Travel Iceland on a Budget
Iceland is an expensive country, that’s a fact BUT there are budget friendly ways to go about visiting. Let me guide you through...
What currency is used in Iceland? What does Iceland money look like and what is the story behind it? Where to exchange currency in Iceland? How can I save money in Iceland? What is the exchange rate? Here you will find all this information along with so many other helpful things + a Currency Converter. The Ultimate Guide to Iceland Currency!
The Icelandic Currency is called Króna or Íslenska Krónan and is widely recognized by its code: ISK. The name “króna” has the same origin as the other Scandinavian currencies, the Swedish krona, the Danish krone and the Norwegian krone.
The Icelandic króna is the only currency used in Iceland but you still won’t see much of it as the country is very dependent on debit and credit cards and many locals never use cash. Even though these are the ones that Icelanders have:
Icelanders first began to issue their own banknotes in 1885 but before that time they had used the Danish Krone. During this time period, Iceland was under Danish Royal rule and this was a big step toward their independence.
In 1918 Iceland received autonomy from Denmark and as a result, took up the Icelandic Króna as the country’s official currency.
The first notes to be issued were the 5, 10 and 50 króna ones, which today have all been turned into coins. Landssjóður Íslands handled the publishment at the beginning but in 1904 the Bank of Iceland took over issuing the first 100 króna bill. The state, Ríkissjóður Íslands, later took over adding the 1 króna note. Yet another bank took over in 1928, Landsbanki Ísland which led to the denominations of 5 króna and above. In 1935 Landsbanki Íslands introduced 500 króna notes (which will still exist today) followed by the 25 and 1000 króna almost 20 years later.
The first Icelandic coins to appear were the 10 and 25 aurar (cents or pennies) in 1922. Three years later more followed when the 1 króna and 2 króna pieces were established. The 1 króna is still being used today. A year later came more aurar, the 1, 2 and 5 ones.
All of these coins were redesigned in 1946 removing the Royal Monogram but Iceland had earned its independence two years earlier, in 1944.
In 1967 even more, coins were introduced but this was Iceland’s answer to a huge drop in the value of the króna. The 10 króna was the first one to arrive, a year later came the 50 aurar followed by the 5 króna and the 50 króna.
In 1981 the Icelandic financial market suffered hyperinflation which was settled by a complete reformation and revaluation of the Icelandic Króna. The currency was raised by a factor of 100 and new banknotes and coins followed. The currency code was at the same time changed from ISJ to ISK.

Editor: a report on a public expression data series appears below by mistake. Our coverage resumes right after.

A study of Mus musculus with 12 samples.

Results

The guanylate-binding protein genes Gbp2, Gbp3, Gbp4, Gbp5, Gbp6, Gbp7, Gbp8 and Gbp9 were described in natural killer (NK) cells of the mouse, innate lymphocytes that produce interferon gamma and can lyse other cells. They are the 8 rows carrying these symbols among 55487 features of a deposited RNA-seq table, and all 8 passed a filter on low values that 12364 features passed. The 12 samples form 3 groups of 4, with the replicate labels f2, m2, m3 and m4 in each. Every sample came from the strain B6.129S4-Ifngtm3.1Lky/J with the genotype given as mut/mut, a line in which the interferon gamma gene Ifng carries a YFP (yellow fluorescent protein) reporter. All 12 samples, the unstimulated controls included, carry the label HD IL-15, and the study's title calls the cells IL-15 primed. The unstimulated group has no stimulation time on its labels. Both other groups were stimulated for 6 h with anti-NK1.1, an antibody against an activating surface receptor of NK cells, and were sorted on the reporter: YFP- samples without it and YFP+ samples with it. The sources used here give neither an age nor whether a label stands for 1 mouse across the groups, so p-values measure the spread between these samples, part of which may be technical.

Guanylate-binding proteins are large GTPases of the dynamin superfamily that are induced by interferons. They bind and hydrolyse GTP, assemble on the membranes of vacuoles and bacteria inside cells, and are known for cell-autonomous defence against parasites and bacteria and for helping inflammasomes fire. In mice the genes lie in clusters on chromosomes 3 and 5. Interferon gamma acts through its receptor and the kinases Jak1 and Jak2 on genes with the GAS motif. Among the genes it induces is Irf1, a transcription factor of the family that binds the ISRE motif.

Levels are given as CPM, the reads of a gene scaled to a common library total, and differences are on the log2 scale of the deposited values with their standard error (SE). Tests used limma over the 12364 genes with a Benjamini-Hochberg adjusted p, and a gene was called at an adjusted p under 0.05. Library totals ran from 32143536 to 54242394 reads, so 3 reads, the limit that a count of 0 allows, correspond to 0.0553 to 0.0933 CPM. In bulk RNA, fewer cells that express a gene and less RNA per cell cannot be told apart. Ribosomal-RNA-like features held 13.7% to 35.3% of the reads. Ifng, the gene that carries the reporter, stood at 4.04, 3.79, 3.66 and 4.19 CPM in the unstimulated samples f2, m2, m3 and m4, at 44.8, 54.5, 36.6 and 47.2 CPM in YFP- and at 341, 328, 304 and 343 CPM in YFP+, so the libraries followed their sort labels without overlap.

The new 500 ISK banknote was created in the Reformation which is of similar design as you see today and in the next five years the 1000 ISK and 5000 ISK were added to the mix. They were as well of the same design as you will see today. The latest banknote to be created was the 10,000 ISK in 2013.
Today Seðlabanki Íslands (Iceland’s Central Bank) handles the issuing of money in Iceland but the print is done by De La Rue in England.
Jón Sigurðsson was the leader in the fight for Iceland’s independence.
A Lutheran Bishop at Skálholt, Iceland. He is recognized for his work in preserving Norse Mythology and sagas.
One of Iceland’s most loved painters. Kjarvalsstaðir art museum in central Reykjavík is named after him.
The only banknote with a female. A talented seamstress who actively taught her skills anywhere she could. Was the wife of two bishops and the daughter of the famous Reverend Jón Arason.
One of the most prominent poems in Iceland – is the author of the Passion Hymns.
Here to help you with the exchange rate:
Buy Alcohol at the International Airport upon arrival. Not only will this save you money but also time as alcohol is only sold at specific liquor stores with limited opening hours.
Shop more Bónus less 10-11. Try to go grocery shopping in the cheaper stores (Bónus, Krónan) during working hours. Shopping in stores open late (10-11, Hagkaup) will lead to you spending a lot more money.
Visit the local swimming pools. They are very affordable and fun!
Check out deals on tours. There are so many different amazing tours to take. Check out which ones are more budget-friendly to do at the moment.
Plan your trip budget before you go. It is always better to do your research before and know how much you should be spending on things, such as food, accommodation, and so on.
Airbnbs are not always the cheapest option. Be ready for some accommodation comparison. Sometimes the hotels are cheaper than Airbnb.
Drink tap water. Iceland has one of the best drinking waters in the world. Don’t waste money on bottled water.
If you are traveling in Iceland you can easily get TAX free of your purchases of over 6000 ISK. This only covers purchases of things; clothing, souvenirs and things not food or drinks. Make sure to ask for the tax-free receipt when shopping. Upon return, you can ask for the tax-free office and any member of staff will assist.
VAT in Iceland is currently about 25% and 7% on special goods.
Iceland currency to USD:
1 USD = 127.21 ISK
5 USD = 636.05 ISK
10 USD = 1272.10 ISK
50 USD = 6360.50 ISK
100 USD = 12 721 ISK
The best currency to use in Iceland is ISK money. What is ISK currency? ISK is a shortcode for Iceland Krone (pronounced "krona"), which is the official currency in Iceland.
Using cash is rare in Iceland, so you should be able to pay with your debit or credit card almost everywhere. Although we recommend carrying some cash for tips or to pay at campgrounds and small services.